Upstage Magazine – A Doll’s House, Part 1

Date posted: August 24, 2018

When Henrik Ibsen’s deathbed nurse assured a friend that he was “a little better,” Ibsen sternly protested, “on the contrary!” Fittingly, those were the playwright’s last words. Contentious to his last, Ibsen is perhaps best remembered for the fascinating, powerful protagonist Nora Helmer in his 1879 masterwork, A Doll’s House. Lucas Hnath gathers up this remarkable legacy in A Doll’s House, Part 2, and imagines what happens after Nora turns her back on her husband, her children and middle-class domesticity in the original play’s sensational conclusion.

Ibsen’s original play begins on Christmas Eve. Nora is celebrating her husband Torvald’s recent promotion at the bank after years of penny pinching. Torvald constantly belittles Nora, scolding her for spending too much on gifts and sprinkling her with condescending pet names. Meanwhile, one of Torvald’s underlings arrives to blackmail Nora, threatening her husband’s new position. This danger stems from one of Nora’s only independent acts: she illegally borrowed money to care for Torvald when he fell ill from overwork.

As the exposure of Nora’s crime creeps closer, she begins to feel less like Torvald’s partner and more like his possession, an ornament on his perfect, bourgeois life. Her fears are confirmed when she is finally discovered: Torvald cruelly insults Nora, calling her a liar, a criminal and an unfit mother. He soon recants—once he learns that his position at the bank is safe after all—but it’s too late. Nora condemns his craven hypocrisy, refuses to be treated as a doll any longer, and walks out on her marriage and three children—slamming the door behind her.

That door slam reverberated across Europe. Not since Ancient Greece had a female lead so soundly rejected masculine dominance. Ibsen has been widely credited with creating the role of the modern woman in Western theatre—a woman no longer confined to narrow definitions of domestic servitude or motherhood, and whose mind and body are hers to govern as she sees fit.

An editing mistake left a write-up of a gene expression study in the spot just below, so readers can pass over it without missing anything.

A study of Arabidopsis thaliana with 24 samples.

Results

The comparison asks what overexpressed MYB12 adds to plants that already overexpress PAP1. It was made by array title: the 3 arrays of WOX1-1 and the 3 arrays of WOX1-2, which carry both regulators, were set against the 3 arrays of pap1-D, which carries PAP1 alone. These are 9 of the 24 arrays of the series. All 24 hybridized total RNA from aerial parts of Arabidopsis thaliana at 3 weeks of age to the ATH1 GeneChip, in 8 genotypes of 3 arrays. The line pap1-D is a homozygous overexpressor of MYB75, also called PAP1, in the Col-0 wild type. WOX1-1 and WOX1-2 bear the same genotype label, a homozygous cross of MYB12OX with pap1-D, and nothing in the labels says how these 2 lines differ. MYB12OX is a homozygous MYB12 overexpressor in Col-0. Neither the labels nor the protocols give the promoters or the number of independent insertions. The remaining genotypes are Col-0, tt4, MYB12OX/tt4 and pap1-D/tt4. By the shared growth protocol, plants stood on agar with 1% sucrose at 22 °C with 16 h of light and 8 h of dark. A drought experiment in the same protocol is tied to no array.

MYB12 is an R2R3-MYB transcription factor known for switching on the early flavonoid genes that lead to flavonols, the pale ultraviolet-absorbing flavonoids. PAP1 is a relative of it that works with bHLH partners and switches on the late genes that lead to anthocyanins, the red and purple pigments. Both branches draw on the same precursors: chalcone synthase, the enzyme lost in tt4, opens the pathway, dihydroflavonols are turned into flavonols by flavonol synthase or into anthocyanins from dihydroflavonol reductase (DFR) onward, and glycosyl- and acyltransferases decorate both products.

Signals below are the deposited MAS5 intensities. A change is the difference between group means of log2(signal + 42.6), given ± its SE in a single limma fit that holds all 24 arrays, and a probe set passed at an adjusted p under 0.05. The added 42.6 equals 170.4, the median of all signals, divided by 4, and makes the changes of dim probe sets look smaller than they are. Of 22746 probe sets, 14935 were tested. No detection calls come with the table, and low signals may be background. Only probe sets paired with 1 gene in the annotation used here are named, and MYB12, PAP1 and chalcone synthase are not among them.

The play premiered to great acclaim, but, as you can imagine, no small degree of controversy. Ibsen was ordered by the producers of the first German production to create an alternative ending (a move he later deeply regretted), in which Nora remains ultimately unable to leave her children. The work incited fierce debate about the roles of women and assumptions of male superiority. Eleanor Marx, daughter of Karl, organized one of the first productions of the play in English in 1886 to support the women’s emancipation movement. The amateur affair took place in a Bloomsbury drawing room, and featured none other than George Bernard Shaw as Krogstad[1]. For many, Ibsen not only shows Nora’s liberation, but how Torvald is also enslaved by gender roles—and coerced into defending the bourgeois institutions that humiliate him.

But it’s not only Ibsen’s feminist principles that sparkle in A Doll’s House; the Norwegian’s trademark realism generated a bracing, intricate plot and some of the most memorable characters in twentieth-century drama. Nora’s complex ethical code and awesome transformation have attracted many of the stage’s finest talents, including Ethel Barrymore, Claire Bloom and Janet McTeer. Shaw’s reading of Krogstad in Eleanor Marx’s drawing room launched a love affair with Ibsen that lasted his entire career.

Nora announces her return in A Doll’s House, Part 2 with a loud knock on the same door she first slammed 140 years earlier. The grip Ibsen’s Nora exerts on audiences hasn’t weakened in the slightest; now that 15 fictional years have passed in the Helmer household since that decisive day, you can bet Hnath’s Nora—now successful in her own right—hasn’t lost her mettle.

Michael Stewart is a freelance writer and an English instructor at Camosun College. He lives in Victoria.

[1] Britain, Ian. “A Transplanted Doll’s House: Ibsenism, Feminism and Socialism in Late-Victorian and Edwardian England.” Transformations in Modern European Drama, edited by Ian Donaldson, Macmillan, 1983, pp. 14-54.